AstraZeneca Ovarian Cancer Drug Shows Promise for Aggressive Disease


Olaparib belongs to a class of drugs known as PARP inhibitors. Poly (ADP ribose) polymerase is an enzyme involved in DNA repair. Olaparib blocks the activity of this protein, which prevents cancer cells from repairing themselves, causing them to die.

Karen Gelmon with the BC Cancer Agency in Vancouver, Canada and a team of researchers studied olaparib in 92 patients – 5 with ovarian cancer and 26 with breast cancer. Patients were classified according to their BRCA1 and BRCA2 mutation status. Each received 400 mg twice daily for a 4-week duration between July 2008 and September 2009.

Just over 40% of women with ovarian cancer and BRCA mutations showed a substantial shrinkage in the size of their tumors compared with 24% of patients without the mutation. Unfortunately, none of the patients with breast cancer showed an objective response. Tolerance of the drug was good, with most side effects such as fatigue, nausea, and decreased appetite being mild.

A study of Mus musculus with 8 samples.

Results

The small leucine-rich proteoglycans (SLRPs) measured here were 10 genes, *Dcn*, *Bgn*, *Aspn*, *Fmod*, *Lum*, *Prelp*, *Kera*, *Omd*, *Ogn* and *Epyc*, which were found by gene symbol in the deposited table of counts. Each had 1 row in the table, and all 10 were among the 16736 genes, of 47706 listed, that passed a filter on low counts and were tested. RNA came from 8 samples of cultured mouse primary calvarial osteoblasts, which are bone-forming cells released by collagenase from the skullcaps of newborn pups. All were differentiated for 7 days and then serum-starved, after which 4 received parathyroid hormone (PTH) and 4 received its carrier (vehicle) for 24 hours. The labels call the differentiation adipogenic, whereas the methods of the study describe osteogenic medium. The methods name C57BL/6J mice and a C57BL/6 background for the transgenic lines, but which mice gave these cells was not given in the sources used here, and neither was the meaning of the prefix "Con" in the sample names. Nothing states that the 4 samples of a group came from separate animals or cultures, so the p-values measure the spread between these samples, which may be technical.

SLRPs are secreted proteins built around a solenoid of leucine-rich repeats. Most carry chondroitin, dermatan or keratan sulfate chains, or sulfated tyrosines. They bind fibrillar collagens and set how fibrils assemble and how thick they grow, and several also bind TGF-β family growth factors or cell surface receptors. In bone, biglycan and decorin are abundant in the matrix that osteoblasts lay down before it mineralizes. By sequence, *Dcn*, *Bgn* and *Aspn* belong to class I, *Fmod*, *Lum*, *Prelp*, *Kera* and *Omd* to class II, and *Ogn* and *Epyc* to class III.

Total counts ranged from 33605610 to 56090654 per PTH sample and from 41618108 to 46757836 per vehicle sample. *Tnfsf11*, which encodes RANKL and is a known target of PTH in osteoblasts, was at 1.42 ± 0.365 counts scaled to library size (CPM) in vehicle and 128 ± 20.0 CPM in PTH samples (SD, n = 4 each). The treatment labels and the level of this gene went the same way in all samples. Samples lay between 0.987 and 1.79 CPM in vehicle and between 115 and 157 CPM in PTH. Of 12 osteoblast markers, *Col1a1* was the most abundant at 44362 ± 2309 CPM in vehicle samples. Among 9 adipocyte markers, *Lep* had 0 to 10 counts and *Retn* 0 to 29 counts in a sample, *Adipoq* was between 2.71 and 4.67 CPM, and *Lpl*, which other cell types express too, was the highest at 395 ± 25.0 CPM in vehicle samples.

Over the course of several studies, olaparib has had both positive and negative outcomes. Data presented this year at the American Society of Clinical Oncology found that women with relapsed, platinum-sensitive ovarian cancer responded well to the drug. However, there was no significant effect on progression-free survival among women with advanced BRCA-mutated ovarian cancer.

For more on olaparib, please read:
Phase II Ovarian Cancer Drug Extends Progression-Free Survival
New Drug Reduces Hereditary Ovarian, Breast Cancers

Source references:
Gelmon KA, et al "Olaparib in patients with recurrent high-grade serous or poorly differentiated ovarian carcinoma or triple-negative breast cancer: A phase II, multicenter, open-label, nonrandomized study" Lancet Oncol 2011; 12: 852-861

Telli ML "PARP inhibitors in cancer: Moving beyond BRCA" Lancet Oncol 2011; 12: 827-828.